Why are we obsessed by growth?
- 25 July 2012
- From the section Business
The latest figures have shown that the UK economy contracted more than expected between April and June.
The output of the economy as measured by gross domestic product (GDP) figures fell by 0.7%, according to figures from the Office for National Statistics.
It follows a period of small rises and small falls in growth showing the economy has basically been stagnant.
Why is that lack of growth a problem?
"In the long term, we grow because technology gets better and we get better at producing things," says Jonathan Portes, director of the National Institute of Economic and Social Research.
"In the short term, growth is an indication that the economy is producing as much as it could be and resources are not being needlessly wasted.
"At the moment we are producing considerably less than we could be because the economy is being mismanaged."
One of the resources not being used as much as it could be is labour.
"If the economy is growing at less than about 2% a year then unemployment rises because output is just not rising fast enough," says Prof John Van Reenen from the London School of Economics.
"With a growing population and rising wages, the economy has to grow to create jobs."
Having more people out of work increases the amount that the government has to pay in benefits and also reduces the amount it receives in taxes.
That is a particular problem at the moment, given the debt problems currently facing the government.
"Debt matters because it has to be paid," Jonathan Portes says.
"Growth would make it significantly easier to deal with. If we are growing slowly it gets worse and worse."
A classic example of what happens when there is no growth is Japan, which has had almost no real growth for the past 20 years.
"Japan has stagnated, although it is not a broken society," says Jonathan Portes.
"But low growth has been bad for young people who cannot find decent jobs."
Low growth has also meant that its government debt as a proportion of GDP, which is a key measure, has spiralled.
It currently has a debt-to-GDP ratio of over 200%, which is the highest in the developed world.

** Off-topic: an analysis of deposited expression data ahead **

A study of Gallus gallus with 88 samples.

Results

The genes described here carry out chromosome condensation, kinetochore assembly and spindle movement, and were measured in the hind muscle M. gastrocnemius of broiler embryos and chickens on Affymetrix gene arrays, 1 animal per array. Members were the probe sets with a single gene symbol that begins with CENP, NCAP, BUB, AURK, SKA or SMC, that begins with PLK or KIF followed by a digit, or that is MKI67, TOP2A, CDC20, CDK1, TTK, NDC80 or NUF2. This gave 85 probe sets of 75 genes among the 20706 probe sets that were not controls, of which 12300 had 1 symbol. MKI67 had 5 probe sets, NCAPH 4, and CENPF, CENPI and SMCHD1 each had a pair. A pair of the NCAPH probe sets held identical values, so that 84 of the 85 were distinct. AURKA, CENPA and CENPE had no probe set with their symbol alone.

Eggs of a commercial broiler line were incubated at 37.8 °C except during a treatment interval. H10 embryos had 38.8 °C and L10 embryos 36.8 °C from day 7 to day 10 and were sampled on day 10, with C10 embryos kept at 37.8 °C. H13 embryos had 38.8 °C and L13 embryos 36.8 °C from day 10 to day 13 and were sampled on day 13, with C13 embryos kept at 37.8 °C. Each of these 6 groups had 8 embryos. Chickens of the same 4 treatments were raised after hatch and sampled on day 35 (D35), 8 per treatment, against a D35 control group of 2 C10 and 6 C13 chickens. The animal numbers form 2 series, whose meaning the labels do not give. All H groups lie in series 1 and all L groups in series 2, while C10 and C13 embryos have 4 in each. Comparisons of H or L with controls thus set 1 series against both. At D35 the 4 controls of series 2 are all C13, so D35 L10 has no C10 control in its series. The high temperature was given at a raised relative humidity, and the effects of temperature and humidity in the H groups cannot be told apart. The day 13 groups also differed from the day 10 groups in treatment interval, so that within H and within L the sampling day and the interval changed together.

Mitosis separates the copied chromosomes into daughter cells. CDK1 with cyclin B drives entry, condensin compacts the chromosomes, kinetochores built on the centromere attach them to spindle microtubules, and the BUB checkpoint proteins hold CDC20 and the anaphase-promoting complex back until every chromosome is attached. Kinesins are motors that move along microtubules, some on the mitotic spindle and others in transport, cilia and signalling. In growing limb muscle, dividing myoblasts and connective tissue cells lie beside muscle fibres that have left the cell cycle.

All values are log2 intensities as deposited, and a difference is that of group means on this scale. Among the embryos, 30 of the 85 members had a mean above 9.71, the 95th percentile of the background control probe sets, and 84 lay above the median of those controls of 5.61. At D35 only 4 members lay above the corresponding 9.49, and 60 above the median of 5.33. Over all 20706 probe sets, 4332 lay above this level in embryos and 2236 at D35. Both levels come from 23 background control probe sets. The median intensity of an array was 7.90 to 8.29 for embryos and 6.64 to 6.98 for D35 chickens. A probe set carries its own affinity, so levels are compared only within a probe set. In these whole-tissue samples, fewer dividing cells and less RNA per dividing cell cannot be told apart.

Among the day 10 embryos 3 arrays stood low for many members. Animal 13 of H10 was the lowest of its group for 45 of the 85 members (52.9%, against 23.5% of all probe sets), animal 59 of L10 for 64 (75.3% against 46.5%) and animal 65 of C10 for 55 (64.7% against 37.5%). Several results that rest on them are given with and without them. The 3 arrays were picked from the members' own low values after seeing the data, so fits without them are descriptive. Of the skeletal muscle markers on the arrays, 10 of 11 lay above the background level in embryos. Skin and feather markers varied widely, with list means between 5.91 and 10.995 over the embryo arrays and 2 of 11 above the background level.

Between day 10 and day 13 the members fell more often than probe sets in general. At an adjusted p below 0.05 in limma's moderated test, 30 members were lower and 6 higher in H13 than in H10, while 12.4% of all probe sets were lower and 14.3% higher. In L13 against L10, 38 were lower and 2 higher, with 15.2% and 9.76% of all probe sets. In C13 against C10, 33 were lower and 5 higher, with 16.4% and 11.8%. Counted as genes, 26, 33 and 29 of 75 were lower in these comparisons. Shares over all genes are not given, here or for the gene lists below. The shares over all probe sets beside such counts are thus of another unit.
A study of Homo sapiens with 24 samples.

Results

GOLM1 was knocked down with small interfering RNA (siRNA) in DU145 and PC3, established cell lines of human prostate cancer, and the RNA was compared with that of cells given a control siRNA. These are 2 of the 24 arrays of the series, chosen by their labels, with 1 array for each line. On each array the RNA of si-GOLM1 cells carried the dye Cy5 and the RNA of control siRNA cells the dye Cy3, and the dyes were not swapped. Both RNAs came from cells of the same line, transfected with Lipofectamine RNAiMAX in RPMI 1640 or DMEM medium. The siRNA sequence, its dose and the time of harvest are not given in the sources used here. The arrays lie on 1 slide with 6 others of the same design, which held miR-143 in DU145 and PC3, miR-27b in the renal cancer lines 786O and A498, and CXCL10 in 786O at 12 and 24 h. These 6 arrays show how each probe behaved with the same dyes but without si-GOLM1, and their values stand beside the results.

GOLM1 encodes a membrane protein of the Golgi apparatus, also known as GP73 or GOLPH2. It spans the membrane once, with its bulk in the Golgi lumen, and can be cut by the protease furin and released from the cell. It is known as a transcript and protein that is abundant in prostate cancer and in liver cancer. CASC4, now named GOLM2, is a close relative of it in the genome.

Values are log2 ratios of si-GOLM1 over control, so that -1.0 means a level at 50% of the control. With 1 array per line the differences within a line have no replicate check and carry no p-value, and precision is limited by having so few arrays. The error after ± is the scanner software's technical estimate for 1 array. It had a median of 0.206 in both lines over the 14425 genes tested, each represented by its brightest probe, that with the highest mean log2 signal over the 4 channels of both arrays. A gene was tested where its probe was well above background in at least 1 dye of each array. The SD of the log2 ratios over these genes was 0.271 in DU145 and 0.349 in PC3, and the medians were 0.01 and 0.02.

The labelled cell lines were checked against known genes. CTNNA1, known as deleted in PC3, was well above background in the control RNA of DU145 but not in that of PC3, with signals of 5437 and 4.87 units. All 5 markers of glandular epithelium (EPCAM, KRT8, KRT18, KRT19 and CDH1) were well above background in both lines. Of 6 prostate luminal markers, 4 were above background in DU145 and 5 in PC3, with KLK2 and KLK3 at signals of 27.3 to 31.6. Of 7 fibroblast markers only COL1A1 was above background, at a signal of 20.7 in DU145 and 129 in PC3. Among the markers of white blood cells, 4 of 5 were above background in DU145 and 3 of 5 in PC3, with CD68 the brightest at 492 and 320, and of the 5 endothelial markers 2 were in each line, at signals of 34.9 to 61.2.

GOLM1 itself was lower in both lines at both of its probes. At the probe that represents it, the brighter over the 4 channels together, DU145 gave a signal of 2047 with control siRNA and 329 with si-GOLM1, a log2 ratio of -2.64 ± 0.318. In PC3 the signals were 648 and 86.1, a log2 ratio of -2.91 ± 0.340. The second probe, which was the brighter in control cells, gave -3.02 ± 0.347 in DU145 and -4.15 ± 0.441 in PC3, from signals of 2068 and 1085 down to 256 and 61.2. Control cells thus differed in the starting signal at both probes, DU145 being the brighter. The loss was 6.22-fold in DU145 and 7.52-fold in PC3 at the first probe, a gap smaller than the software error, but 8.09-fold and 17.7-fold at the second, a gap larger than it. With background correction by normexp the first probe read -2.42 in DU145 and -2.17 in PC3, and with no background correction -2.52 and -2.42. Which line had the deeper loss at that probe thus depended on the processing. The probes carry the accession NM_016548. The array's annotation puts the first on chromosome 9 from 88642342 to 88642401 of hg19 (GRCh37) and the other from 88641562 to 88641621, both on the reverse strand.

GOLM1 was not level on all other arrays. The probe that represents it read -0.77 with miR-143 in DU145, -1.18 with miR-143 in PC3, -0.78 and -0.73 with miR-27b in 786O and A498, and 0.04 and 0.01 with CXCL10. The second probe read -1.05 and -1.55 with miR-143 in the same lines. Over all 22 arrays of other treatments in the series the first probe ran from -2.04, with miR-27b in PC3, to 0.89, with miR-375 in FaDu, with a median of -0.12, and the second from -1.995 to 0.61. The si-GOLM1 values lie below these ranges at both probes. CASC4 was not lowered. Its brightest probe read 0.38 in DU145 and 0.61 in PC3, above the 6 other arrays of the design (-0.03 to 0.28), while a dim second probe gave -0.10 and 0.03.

'More and more junk'
But some people think that a zero growth economy could be a good thing.
Brian Czech, president of the Center for the Advancement of the Steady State Economy (Casse) says that the UK economy has already grown beyond its optimum size.
"There are too many problems caused by increasing production and consumption of goods and services," he says.
Casse argues that growing the economy further creates social and environmental problems that outweigh its benefits.
"Lots of sacrifices come with growing GDP, such as working too long hours, the depersonalising of workplaces and spending on advertising to persuade people to buy more and more junk they don't need," Mr Czech says.
Casse's position is certainly not a mainstream economic view, although there are strong arguments that GDP by itself is not enough to measure the state of a country or an economy.
On Tuesday, the Office for National Statistics released its latest findings in its measurements of national wellbeing.
Also, inequality in the UK economy means that growth would not necessarily benefit everyone.
But for the moment, GDP growth will remain the focus for analysts and news organisations alike every three months.
"GDP is not perfect and it ignores intangibles such as happiness and the environment, but it is still the best measure of all we produce," says Jonathan Portes.
John Van Reenen adds: "When GDP grows, the size of the economic pie grows."
"That allows you to slice the pie to get what you want, be it higher wages, more leisure time or increased government spending."